Nov 11, 2011, 6:35 PM EDT
But it was also a turning point for our culture — Magic changed the face and perception of HIV and AIDS. People talked differently about who could get it, about the fight against it. Not many people could have handled the pressure and spotlight the way Magic did during a time of crisis.
“I’m happy that it was me who got this news, who was the person who got HIV in terms of in the sports world, that could change the mindset of people about HIV and AIDS. Before I announced, you had to whisper about HIV and AIDS. Now, after I announced, you could talk openly about it. They had a person who could handle the backlash or the bad publicity or corporations dropping him. I handled all of that. I handled the backlash or the players who said they didn’t want to play against me, in Karl Malone and Mark Price. And I decided not to be angry at them, but to educate them … and all the other sports leagues and the world.”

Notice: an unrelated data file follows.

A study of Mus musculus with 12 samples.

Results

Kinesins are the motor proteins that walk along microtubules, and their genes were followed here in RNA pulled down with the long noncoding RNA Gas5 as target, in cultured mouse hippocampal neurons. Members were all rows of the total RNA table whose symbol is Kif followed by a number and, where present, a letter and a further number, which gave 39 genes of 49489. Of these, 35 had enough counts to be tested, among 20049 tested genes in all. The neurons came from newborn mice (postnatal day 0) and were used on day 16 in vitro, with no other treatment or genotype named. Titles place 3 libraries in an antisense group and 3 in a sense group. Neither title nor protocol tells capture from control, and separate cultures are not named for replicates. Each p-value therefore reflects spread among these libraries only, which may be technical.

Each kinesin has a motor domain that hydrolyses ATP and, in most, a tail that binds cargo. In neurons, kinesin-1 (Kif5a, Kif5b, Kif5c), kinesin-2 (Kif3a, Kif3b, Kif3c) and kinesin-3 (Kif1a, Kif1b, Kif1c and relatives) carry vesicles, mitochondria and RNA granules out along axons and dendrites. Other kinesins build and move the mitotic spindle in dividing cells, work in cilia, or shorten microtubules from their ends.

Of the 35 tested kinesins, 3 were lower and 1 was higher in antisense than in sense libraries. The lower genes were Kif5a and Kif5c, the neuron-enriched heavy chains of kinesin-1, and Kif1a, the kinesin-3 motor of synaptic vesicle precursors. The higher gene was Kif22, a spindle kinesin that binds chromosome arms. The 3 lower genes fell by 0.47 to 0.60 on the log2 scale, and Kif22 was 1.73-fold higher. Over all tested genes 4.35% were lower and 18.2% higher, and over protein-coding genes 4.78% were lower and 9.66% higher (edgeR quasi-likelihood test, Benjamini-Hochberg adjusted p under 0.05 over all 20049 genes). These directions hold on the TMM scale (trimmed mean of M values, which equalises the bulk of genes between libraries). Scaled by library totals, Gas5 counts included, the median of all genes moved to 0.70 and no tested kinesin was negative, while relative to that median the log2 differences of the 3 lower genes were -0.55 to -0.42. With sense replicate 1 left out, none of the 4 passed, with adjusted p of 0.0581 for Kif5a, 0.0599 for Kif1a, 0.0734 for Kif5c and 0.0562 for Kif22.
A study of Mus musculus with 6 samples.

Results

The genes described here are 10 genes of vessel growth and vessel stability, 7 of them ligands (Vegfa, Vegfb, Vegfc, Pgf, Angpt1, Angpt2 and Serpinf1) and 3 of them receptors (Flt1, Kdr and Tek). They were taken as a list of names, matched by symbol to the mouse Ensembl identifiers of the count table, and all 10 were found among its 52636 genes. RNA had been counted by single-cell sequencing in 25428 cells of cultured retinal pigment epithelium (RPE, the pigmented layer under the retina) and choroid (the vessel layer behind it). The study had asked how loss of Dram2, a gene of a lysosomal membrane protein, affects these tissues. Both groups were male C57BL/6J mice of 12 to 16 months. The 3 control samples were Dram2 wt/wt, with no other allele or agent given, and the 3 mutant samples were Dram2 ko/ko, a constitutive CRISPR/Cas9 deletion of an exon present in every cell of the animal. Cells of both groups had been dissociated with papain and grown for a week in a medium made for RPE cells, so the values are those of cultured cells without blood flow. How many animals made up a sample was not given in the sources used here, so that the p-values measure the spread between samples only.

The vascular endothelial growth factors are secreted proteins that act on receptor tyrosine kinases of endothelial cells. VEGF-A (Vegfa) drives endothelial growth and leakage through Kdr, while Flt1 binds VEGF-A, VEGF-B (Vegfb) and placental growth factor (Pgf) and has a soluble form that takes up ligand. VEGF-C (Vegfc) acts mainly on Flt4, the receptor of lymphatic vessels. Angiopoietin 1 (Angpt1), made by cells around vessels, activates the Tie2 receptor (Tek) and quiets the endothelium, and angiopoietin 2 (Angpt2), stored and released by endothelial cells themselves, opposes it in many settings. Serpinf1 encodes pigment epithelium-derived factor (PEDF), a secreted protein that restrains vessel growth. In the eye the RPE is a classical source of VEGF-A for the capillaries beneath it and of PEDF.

Also from that same interview, this is my favorite part. It’s Magic talking about having to tell his wife, Cookie (who was pregnant at the time). He said all the way home he practiced the speech in his head.
All that practice, I couldn’t even begin to tell her. It was very difficult. And when I finally got the words out, she just cried. I told her, ‘I would understand if you wanted to leave me.’ As soon as I said ‘leave,’ she smacked me and hit me so hard like a Mike Tyson right cross and she said, ‘We’re going to beat this together.’ I think that was the greatest moment of all of this.”